Wandia Gichuru, the CEO of Vivo Activewear, believes that women entrepreneurs should not be afraid to go against the grain by making bold decisions. To her balancing family and work is an art best learnt on the job
Njeri Maina @njerimainar
At exactly 15 minutes to the slated interview, Wandia Gichuru calls to confirm if we are still on our way to her office and if we will make it on time. We learn that she is not only meticulous about time, but about every single detail that goes on at Vivo Activewear, the clothing and accessories company she co-founded with Anne-Marie Burugu.
Vivo Activewear was founded in 2011, out of a passion for fitness and dance and lack of a provider for good quality dance and fitness wear. The company has over time evolved to be one of the leading apparel stores for women’s fashion with outlets in several malls across the country. We set out to find out about the seven-year journey that Vivo and its CEO Wandia Gichuru have travelled.
It has been a learning curve for Wandia both professionally and personally.
“I had to learn a lot about sales, fashion and even manufacturing,” Wandia explains.
She learnt a lot about the Kenyan fashion industry on the job. One of the major tests of her mettle was in 2013 when she had to make the decision to stop sourcing clothes from foreign markets and start manufacturing locally. The company today partners with local factories and is the first in the country to start using Computer Aided pattern making. Vivo Activewear employs more than 70 people, something Wandia is proud of.
Wandia is a firm believer that no skill learned in school through a degree or at a previous job is ever wasted.
“It is quite interesting that I had transferable skills from my previous banking work such as managing projects and managing company finances. As much as I was learning a lot in such a short time, it was interesting that I had all these skills that I could use in my entrepreneurial journey,” she enthuses.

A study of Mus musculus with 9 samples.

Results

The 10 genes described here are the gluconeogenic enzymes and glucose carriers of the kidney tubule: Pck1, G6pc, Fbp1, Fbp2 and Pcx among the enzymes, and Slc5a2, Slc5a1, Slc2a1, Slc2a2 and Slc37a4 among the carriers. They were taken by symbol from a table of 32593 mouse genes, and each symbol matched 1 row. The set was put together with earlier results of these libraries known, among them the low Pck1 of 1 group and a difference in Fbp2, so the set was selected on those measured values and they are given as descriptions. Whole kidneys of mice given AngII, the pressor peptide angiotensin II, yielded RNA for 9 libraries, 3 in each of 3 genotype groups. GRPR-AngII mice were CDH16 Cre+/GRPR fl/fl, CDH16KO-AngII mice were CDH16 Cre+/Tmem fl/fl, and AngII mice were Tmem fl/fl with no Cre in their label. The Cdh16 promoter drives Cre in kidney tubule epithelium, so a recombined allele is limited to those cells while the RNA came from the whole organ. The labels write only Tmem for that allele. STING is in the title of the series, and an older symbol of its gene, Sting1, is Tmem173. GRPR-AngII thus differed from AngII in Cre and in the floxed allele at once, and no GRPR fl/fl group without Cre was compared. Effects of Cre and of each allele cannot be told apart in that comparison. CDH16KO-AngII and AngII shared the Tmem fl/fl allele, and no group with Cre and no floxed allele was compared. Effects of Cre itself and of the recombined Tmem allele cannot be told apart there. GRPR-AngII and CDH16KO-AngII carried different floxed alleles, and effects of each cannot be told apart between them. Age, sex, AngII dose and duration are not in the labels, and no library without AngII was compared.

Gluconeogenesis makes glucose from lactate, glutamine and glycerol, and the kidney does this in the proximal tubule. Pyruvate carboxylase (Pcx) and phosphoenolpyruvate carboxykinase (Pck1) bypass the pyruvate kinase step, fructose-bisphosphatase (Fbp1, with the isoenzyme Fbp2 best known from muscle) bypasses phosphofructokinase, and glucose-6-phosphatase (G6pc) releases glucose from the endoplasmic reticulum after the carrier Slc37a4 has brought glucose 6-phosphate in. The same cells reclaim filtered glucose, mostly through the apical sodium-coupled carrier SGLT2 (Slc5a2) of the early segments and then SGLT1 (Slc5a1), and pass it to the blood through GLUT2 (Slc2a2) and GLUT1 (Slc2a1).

The highlights of her career as co-founder of Vivo are many and run from everyday triumphs of opening branches in other cities apart from Nairobi, thereby employing more Kenyans, to unexpectedly winning awards such as the Fashion Brand of the Year in 2016 and 2017.
Asked about the challenges she faces as an entrepreneur, she is careful to point out that most challenges affect every entrepreneur regardless of gender. There will be barriers to entry into different markets as well as steep learning curves. She, however, warns female entrepreneurs against going with the mould.
“As women, we are taught to be risk averse while men are taught and even designed to be more daring. This might subconsciously affect the decisions you make. We all need to be bolder,” she says.
About the idea of having it all, Wandia is careful to point out that this notion is only cultivated amongst women and not with the men. Men can dedicate a sphere of their lives to say work and not have to juggle, while women feel the pressure to be everything to everyone.
“Balancing it all is hard and unrealistic. I am still learning how to balance my work life with my family life. Fortunately, I have a great support system who are willing to help out whenever possible, keep me grounded and true to myself as well as help put things into perspective,” the mother of two explains.
Wandia tells us of the importance of choice, how one should learn to prioritise and know what they can and cannot afford to neglect or put on the backburner. Everything from starting your entrepreneurship journey to staying the course and balancing it all out boils down to the power of choice.
To anybody looking to get into entrepreneurship, her advice is to learn everything they can on the area they want to venture into and to be more action-oriented rather than being solely focused on the big idea without actualising it.
“Translate your ideas to practical steps. It is amazing to have a big goal, but you need to break it down practically and see how you get there,” she says.
“While at it, make sure that you enjoy the journey. The journey has to be as rewarding as the destination. Enjoy the process,” she concludes.